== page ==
Steve McQueen, the British artist and film-maker with a string of awards for both strands of his practice, including the Turner Prize and an Academy Award, has completed a new documentary. It will be released in cinemas in the US on 25 December, and in the UK and Ireland on 9 February 2024.
Occupied City investigates the Nazi occupation of Amsterdam between 1940 and 1945 and the effect of coronavirus on the Dutch capital in 2020, and has a running time of over four hours. It is mesmerising, discursive and impressionistic; screenings so far have proved that in spite of its 260 minute running time, it keeps audiences enraptured to the end.
McQueen has received plaudits for a previous documentary, Uprising, released in 2021. It examines a tragic fire in South London that caused the death of 13 young Black British people in 1981 and the significant repercussions around race relations that it provoked. In 2017, he also made Grenfell, in which he filmed the tower block in west London consumed by fire that year, a tragedy in which 72 people died.
Occupied City is partly derived from the book written by McQueen’s wife Bianca Stitger, in which she investigates what happened at 2,000 addresses around Amsterdam during the Nazi occupation. The film visits 130 of these, uncovering the past and also showing the present. “When I first moved to Amsterdam in the late 1990s, I found myself surrounded by recent history. It felt like there were ghosts. Once I asked my wife why there was a small sculpture on the side of a building, and she said it was where 15 people had been killed in the Occupation,” explained McQueen in London recently. “My daughter was at a school that had been a former Jewish school, there’s another that was an SS headquarters. These things come into play every day.”
Amsterdam was invaded by the German army on 10 May 1940, and occupied until 5 May 1945. More than 60,000 Jews from Amsterdam were either killed in the city or sent via the Westerbork transit camp to their death in what the film refers to as killing centres, not concentration camps. Sinti and Roma people were also taken away. In late 1944, what was called the Hunger Winter descended, a man-made famine caused partly by a Nazi blockade, and many more citizens met their death. It was another shocking event in a modern, industrialised city.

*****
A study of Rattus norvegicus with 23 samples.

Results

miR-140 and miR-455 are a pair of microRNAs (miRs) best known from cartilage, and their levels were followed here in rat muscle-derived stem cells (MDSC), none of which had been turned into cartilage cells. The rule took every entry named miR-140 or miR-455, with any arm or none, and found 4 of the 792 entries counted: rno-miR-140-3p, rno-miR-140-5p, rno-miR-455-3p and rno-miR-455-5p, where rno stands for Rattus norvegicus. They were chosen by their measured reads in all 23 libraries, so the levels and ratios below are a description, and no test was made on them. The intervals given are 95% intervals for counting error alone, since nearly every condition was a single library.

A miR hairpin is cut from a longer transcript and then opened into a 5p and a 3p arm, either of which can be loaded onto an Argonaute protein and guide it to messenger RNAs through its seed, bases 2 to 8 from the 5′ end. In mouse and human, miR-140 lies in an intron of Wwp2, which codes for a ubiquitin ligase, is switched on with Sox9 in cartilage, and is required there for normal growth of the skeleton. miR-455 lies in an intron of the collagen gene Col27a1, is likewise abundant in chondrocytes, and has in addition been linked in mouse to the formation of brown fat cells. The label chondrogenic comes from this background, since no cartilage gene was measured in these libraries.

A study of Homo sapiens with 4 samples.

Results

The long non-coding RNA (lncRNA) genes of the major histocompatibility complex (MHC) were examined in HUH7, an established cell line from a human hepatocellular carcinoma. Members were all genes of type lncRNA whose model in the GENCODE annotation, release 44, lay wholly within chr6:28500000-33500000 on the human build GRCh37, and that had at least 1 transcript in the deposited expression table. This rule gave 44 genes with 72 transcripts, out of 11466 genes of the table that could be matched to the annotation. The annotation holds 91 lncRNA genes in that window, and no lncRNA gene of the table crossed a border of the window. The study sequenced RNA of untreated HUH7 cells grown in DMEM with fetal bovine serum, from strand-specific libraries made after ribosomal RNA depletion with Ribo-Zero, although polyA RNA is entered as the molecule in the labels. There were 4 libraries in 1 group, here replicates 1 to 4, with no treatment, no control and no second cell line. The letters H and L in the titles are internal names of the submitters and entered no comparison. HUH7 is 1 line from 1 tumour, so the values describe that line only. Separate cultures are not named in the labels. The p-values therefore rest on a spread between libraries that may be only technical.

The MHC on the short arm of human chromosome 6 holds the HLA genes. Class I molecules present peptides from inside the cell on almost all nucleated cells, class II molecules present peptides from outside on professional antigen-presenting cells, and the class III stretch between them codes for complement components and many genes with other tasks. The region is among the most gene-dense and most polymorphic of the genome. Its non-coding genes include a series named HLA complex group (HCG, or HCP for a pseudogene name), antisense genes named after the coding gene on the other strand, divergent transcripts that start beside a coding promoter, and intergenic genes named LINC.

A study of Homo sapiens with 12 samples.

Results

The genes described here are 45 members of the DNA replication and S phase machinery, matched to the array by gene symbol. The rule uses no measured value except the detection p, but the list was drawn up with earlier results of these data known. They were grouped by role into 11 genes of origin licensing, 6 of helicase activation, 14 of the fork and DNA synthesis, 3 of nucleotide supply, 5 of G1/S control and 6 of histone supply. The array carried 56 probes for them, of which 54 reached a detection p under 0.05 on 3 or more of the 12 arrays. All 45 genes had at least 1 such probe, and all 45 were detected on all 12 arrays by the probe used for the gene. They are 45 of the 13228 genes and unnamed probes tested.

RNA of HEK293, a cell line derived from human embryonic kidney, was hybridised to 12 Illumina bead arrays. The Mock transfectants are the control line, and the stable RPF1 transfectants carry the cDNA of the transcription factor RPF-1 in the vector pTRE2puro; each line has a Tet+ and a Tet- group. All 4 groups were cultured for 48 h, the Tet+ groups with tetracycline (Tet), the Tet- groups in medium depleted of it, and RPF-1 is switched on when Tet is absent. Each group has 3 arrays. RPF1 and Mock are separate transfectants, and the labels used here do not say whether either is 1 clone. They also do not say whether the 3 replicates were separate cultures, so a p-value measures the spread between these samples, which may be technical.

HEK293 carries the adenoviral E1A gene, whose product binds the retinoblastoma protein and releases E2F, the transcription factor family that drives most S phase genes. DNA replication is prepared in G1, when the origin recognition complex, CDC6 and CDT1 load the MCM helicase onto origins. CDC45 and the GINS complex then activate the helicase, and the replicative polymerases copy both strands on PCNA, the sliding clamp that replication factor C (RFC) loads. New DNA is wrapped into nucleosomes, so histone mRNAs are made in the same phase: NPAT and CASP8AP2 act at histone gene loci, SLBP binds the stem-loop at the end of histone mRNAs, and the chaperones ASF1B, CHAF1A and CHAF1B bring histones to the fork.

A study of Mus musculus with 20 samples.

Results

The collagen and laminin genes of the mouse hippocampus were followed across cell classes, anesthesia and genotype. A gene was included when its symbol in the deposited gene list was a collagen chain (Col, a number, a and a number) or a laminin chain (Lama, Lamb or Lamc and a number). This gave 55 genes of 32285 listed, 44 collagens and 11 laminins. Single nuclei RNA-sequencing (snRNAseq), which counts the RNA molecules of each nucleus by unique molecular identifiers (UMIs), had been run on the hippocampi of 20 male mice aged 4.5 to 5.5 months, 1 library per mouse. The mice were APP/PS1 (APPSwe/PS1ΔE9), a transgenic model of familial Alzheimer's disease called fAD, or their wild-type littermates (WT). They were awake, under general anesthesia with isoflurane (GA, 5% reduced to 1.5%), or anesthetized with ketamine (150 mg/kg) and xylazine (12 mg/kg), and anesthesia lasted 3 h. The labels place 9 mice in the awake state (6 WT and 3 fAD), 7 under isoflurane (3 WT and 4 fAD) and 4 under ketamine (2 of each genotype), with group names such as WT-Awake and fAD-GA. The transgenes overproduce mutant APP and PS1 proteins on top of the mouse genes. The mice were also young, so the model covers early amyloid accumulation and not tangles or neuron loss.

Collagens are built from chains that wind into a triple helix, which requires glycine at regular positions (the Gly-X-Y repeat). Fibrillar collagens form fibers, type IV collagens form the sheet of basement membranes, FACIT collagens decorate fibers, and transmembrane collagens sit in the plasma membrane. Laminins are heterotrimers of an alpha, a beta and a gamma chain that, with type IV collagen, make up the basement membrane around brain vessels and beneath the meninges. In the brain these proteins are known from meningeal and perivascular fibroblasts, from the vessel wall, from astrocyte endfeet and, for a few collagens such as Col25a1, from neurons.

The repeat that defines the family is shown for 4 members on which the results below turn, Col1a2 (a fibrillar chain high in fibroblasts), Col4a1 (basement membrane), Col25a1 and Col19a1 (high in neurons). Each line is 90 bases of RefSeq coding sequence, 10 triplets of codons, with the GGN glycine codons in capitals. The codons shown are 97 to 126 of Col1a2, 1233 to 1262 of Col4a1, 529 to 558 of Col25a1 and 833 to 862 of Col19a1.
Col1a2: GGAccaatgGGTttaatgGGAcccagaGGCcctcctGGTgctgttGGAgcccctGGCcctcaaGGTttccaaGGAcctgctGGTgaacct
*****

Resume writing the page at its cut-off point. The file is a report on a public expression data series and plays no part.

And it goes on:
McQueen shot the lingering footage of the city in 2020, against the background of another unforeseen event— the Covid-19 pandemic. “I used 35mm film because I wanted every moment to count,” he said. “It’s a very ritualistic and careful process for me because I don’t like to waste film.” Nonetheless he accrued 36 hours of of street scenes, architecture and interiors. A voice over, by a young actor Melanie Hyams, provides a constant wash of information—a tailor who insisted in being shot in his best pink shirt; a diet consisting solely of sugar beet and tulip bulbs; an imprisoned Jew who describes being on the death list as like "reporting from shipwreck"; the banning of Black, but not Latin, music in 1941. The score, by British cellist and composer Oliver Coates, was commissioned by McQueen after he heard something that caught his ear in a department store. It is cinema-making at its most experiential.
At four hours, it is also wise that McQueen decided upon a half-time intermission of 15 minutes. “There’s a lot going on, it’s too much to take in,” he said. “For the first 2 hours you’re getting adjusted. In the second half, you’ve developed trust, you let yourself go.”